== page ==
Imagine a film about the horrors of war and which encompasses the associated themes of conflict like propaganda, blind faith, and loneliness, and you’ll have an idea of what this brilliant film tackles.
By turning into an almost-spoof, writer-director Taika Waititi manages to accentuate the terror of the period between 1933 and 1945. Although Jojo Rabbit will leave you feeling slightly less distressed than you’d be after viewing Schindler’s List, its message is no less poignant, wise, or relevant.
Waititi adapted the film from Caging Skies, the 2004 Christine Leunens novel and viewers are transported to somewhere in Europe, either Austria or Germany, as defeat seems inevitable for the Axis powers. Jojo, Roman Griffin, is a lonely little 10-year old with a huge crush on Adolf Hitler who earns his nickname when he refuses to kill a rabbit at a Nazi weekend camp.
An accident at this camp incapacitates little Jojo for anymore Hitler Youth activities but his working mother, played very tenderly by Scarlett Johansson, makes the camp officers take responsibility for her son’s mishap. So while she’s at work the child spends his days in tasks dreamed up for him by Nazis who for some reason or another have been relegated to the little town. Sam Rockwell turns in a brilliant performance as Captain Klenzendorf and Rebel Wilson’s knack for accents is on full display as Fräulein Rahm.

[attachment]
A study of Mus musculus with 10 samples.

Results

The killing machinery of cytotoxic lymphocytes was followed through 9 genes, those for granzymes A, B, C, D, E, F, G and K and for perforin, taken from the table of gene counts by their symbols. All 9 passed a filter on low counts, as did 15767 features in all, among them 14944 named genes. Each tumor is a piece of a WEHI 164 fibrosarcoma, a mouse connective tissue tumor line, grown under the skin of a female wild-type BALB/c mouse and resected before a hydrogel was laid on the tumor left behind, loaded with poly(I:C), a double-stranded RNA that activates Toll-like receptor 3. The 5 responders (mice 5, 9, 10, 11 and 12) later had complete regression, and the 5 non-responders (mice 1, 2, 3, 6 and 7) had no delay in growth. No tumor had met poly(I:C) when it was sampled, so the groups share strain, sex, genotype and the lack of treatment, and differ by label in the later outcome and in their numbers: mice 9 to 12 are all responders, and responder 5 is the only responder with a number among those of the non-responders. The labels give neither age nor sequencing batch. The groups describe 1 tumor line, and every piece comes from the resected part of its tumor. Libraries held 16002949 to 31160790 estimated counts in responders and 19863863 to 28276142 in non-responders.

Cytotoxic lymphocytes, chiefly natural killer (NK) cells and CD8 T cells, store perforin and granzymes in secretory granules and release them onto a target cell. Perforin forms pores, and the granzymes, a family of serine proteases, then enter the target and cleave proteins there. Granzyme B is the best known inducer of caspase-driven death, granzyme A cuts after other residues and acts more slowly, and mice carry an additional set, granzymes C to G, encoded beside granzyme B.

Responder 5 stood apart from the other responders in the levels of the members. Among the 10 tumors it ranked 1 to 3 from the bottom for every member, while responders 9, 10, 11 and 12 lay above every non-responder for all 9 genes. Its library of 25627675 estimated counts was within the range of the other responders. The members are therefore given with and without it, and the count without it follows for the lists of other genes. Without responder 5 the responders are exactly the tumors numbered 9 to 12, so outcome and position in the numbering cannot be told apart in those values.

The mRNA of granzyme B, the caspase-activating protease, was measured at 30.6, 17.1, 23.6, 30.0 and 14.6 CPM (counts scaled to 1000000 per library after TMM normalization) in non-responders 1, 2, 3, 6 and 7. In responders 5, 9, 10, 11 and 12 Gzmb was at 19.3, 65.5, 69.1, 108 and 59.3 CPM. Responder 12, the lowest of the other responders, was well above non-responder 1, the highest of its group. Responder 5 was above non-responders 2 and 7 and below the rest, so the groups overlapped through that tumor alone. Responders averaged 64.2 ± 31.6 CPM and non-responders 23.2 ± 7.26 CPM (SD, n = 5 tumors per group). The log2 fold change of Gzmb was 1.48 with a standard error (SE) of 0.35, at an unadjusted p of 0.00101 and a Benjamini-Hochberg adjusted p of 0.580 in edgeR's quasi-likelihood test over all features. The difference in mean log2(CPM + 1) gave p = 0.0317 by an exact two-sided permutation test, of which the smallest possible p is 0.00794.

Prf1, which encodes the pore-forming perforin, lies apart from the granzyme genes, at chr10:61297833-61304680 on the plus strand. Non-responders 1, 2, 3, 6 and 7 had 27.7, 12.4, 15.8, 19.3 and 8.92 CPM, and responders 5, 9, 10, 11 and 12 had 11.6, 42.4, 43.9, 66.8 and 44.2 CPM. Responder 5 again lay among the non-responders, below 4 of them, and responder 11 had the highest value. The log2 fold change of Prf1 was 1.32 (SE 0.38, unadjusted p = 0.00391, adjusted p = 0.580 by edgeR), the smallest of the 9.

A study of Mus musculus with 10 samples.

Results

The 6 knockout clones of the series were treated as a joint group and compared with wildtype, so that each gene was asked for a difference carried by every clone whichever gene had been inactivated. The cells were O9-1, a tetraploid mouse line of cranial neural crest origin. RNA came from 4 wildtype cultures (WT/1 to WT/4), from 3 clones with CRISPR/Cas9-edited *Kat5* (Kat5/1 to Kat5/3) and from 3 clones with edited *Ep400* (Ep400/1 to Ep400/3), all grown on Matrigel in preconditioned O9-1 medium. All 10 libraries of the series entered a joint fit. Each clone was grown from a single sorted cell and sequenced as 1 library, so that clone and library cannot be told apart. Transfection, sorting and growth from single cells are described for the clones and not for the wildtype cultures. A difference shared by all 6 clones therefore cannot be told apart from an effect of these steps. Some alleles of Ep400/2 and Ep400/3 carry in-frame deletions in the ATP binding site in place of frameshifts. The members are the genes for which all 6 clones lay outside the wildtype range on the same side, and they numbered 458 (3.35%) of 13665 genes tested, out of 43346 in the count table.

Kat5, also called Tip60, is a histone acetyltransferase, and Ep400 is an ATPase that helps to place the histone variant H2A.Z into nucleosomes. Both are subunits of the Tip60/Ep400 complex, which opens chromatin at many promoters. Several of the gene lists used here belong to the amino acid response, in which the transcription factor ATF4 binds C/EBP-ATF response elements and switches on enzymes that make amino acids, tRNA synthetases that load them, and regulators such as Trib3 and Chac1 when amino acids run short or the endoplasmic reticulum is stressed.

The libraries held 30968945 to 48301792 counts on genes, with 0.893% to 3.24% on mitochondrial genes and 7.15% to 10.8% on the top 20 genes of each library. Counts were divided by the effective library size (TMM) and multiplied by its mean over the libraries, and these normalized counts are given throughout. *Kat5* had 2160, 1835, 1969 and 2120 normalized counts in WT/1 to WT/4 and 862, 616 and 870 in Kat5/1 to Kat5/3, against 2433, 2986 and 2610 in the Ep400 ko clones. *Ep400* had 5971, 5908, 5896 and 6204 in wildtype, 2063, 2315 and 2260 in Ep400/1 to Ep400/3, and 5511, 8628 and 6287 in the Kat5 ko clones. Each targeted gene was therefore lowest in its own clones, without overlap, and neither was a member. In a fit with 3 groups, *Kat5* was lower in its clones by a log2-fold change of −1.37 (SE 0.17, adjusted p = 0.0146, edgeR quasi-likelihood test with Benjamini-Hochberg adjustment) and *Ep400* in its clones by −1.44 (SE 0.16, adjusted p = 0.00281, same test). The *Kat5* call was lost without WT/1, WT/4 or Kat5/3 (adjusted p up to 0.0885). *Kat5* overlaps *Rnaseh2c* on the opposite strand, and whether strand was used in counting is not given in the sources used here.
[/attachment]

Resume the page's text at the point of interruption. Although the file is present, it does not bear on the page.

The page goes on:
Don’t forget, if the bleakness of the setting gets to you at any point you can always hit Pause, grab a snack, distract yourself with hunting up the most competitive NRL Premiership odds or a quick social media break, and then get back into the action when you’re in a better frame of mind!
But things get complicated when Jojo Rabbit realises that his mother is hiding a young Jewish girl named Elsa, brought to life in a nuanced performance by Thomasin McKenzie. After a hilariously rocky start, their relationship deepens, and we watch the boy slowly realise what Hitler actually stands for. And this all unfolds in front of the Führer since Adolf is little Jojo’s imaginary best friend!
A Loving Message
Waititi’s portrayal of Hitler is marvellous and the script manages somehow to convey the other side of World War II, the almost-innocence that led many to allow such atrocities to be committed and even to perform them themselves.
At no point does the satiric take on this shameful part of our history attempt to lighten or excuse it, but rather delivers a more three-dimensional view of what happened and even offers hints as to stop it happening again.
I place it firmly in the camp of Charlie Chaplin’s The Great Dictator in terms of subject matter and Mel Brooks’ The Producers in terms of elegance of script, performance, and message. It forces us to view the consequences of the hideous trap of a lust for power but ends up leaving viewers with a kind of hope that we have it in ourselves to never fall so far again.